First off, the obvious impact is the absence of new, original programming in the fall. The writers’ strike already impacted that schedule, and the loss of the actors cements it.
The last time this happened, reality TV took over, but I predict something completely different this time. I expect a combination of game-show television plus.
And this is the crazy idea: You might start seeing YouTube creators on traditional television. The hole in programming opens the door for unscripted original programs featuring the likes of Dude Perfect and Mr. Beast. Why not? These folks have built-in audiences that may exceed any kind of current programming, they create lots of content on the cheap, and they attract advertisers. Also, they are not part of SAG. It wouldn’t take much for them to bridge the gap from YouTube to NBC or CBS.
If I were a studio exec, I would be making those calls and if I were a leader in the creator economy, I would absolutely be taking those calls as an opportunity to build my brand and create a new, more dependable revenue stream.
The studios are taking a rather hard stance when it comes to writers -- and, as I wrote a few weeks ago, the writers don’t have a lot of leverage. Generative AI is improving rapidly and can arguably create content that is as strong as some writers do. The only leverage for writers now is that the actors struck in solidarity, but once again, the creator economy offers a lot of personalities with built-in audiences.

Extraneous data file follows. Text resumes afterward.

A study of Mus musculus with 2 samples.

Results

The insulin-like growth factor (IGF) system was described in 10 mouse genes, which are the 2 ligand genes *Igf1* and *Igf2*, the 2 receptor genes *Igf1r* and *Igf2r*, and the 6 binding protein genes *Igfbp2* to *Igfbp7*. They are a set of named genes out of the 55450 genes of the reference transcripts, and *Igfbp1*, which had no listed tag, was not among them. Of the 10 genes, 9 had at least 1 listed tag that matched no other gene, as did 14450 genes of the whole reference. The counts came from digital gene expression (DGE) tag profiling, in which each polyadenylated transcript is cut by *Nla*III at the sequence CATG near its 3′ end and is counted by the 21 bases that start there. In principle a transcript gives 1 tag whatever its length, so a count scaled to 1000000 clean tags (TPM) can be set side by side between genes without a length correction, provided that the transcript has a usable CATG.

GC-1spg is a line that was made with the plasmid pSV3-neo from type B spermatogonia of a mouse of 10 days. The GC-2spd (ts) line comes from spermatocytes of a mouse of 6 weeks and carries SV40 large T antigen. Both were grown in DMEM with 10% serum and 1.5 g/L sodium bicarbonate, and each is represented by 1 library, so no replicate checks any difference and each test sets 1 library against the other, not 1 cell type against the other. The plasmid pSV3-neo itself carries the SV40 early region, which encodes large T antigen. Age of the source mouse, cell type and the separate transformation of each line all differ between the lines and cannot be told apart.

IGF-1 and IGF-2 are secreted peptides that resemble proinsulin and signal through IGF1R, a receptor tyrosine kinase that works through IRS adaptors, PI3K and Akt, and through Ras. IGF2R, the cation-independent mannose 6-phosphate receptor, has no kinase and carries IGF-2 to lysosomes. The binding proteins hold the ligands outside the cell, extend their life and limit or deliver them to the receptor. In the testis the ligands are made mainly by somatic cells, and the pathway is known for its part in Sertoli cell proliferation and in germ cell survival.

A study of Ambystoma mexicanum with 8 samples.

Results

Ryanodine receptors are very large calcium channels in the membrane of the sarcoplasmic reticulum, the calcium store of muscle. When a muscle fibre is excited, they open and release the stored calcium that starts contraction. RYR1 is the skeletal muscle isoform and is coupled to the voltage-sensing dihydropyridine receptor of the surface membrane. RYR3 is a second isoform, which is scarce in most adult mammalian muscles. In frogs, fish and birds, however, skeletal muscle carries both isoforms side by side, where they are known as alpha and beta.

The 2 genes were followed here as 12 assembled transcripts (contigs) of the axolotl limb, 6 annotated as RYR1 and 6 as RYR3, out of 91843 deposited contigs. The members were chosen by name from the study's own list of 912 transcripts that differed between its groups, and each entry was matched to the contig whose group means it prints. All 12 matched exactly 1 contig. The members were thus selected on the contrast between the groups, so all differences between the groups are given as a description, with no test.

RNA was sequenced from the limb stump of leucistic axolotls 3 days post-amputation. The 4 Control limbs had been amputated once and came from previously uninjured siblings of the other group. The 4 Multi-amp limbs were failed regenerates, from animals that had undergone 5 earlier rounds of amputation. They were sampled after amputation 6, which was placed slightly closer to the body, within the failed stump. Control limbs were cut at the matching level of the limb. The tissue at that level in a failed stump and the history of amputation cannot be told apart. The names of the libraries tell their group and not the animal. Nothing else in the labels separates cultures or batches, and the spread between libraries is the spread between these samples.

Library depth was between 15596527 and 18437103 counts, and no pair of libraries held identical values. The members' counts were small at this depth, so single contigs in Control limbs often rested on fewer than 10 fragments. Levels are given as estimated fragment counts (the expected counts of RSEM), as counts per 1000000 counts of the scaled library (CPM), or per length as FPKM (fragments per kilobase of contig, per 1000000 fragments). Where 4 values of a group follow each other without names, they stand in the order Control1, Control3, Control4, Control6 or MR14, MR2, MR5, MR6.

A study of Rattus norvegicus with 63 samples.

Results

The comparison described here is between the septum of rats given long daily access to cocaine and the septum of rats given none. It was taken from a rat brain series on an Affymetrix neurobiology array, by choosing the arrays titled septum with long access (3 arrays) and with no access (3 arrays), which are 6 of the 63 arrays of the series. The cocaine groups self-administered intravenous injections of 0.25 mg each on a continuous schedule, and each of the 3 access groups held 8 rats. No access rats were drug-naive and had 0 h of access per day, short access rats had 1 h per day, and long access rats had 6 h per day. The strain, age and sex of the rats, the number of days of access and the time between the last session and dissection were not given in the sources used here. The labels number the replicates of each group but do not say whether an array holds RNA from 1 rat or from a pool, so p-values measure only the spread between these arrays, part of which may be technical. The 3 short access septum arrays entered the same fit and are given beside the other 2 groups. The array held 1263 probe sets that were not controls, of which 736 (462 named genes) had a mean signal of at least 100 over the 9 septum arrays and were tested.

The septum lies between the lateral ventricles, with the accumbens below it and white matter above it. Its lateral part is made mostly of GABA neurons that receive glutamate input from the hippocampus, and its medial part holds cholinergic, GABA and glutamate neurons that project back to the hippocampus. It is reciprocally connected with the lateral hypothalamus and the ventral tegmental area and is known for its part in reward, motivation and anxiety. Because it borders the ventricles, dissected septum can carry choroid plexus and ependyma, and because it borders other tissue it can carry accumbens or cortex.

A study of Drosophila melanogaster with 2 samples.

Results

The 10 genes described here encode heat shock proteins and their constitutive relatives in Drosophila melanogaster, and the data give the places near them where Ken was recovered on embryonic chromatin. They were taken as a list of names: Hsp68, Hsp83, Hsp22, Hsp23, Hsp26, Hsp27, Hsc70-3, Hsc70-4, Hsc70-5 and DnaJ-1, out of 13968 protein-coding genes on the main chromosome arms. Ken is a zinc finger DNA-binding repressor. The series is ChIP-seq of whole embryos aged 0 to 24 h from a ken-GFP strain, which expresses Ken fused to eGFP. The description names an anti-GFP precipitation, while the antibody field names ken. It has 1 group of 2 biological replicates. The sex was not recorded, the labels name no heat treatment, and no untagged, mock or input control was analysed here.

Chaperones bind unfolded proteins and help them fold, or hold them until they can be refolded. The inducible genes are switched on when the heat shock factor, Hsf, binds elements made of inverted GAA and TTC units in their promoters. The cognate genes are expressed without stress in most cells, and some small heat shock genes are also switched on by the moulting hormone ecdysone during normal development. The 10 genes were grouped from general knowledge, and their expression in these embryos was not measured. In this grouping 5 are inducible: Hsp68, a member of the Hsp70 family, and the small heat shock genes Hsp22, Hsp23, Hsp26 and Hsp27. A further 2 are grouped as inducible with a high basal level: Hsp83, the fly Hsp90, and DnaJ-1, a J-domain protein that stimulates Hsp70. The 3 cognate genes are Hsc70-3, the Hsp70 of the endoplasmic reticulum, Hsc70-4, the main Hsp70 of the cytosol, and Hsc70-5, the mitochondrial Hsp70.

An AI-generated script used as a starting point for more improvisational programming seems like an easy step, in my eyes. The studio heads simply need to outlast the writers, and they likely have the funds to do so.
Both scenarios are very realistic because as the fall approaches, there’s the matter of ad revenue at stake. Advertisers could start pulling their commitments if there’s no quality programming to attract the audience. The strike is in play now, but its true impact won’t be felt for two more months. That means the writers and actors must hold out for 60 days before any real movement is likely. As revenue starts to slip, it becomes a waiting game to see who wins.
There’s another potential risk as a result of the strike, and that lies squarely on the shoulders of the movie theater owners. Theatrical attendance never truly recovered from COVID, and this could be the nail in the coffin. A dearth of new releases means fewer people in theaters, which may be forced to start closing.
Studios will be focused on streaming services to get their films to the masses, and streaming is the central issues in the strike. The writers, actors and studios have yet to come up with a way to manage the revenue associated with streaming in a fair and equal manner. As the industry is forced even further in this direction, the challenge becomes even more important.
If you don’t work in Hollywood, this strike can feel far away, but it does have ramifications across the ecosystem of media and entertainment. A fragile entertainment economy is not good for the broader economy teetering on growth vs. recession. The next 30 days in the media world are going to be interesting!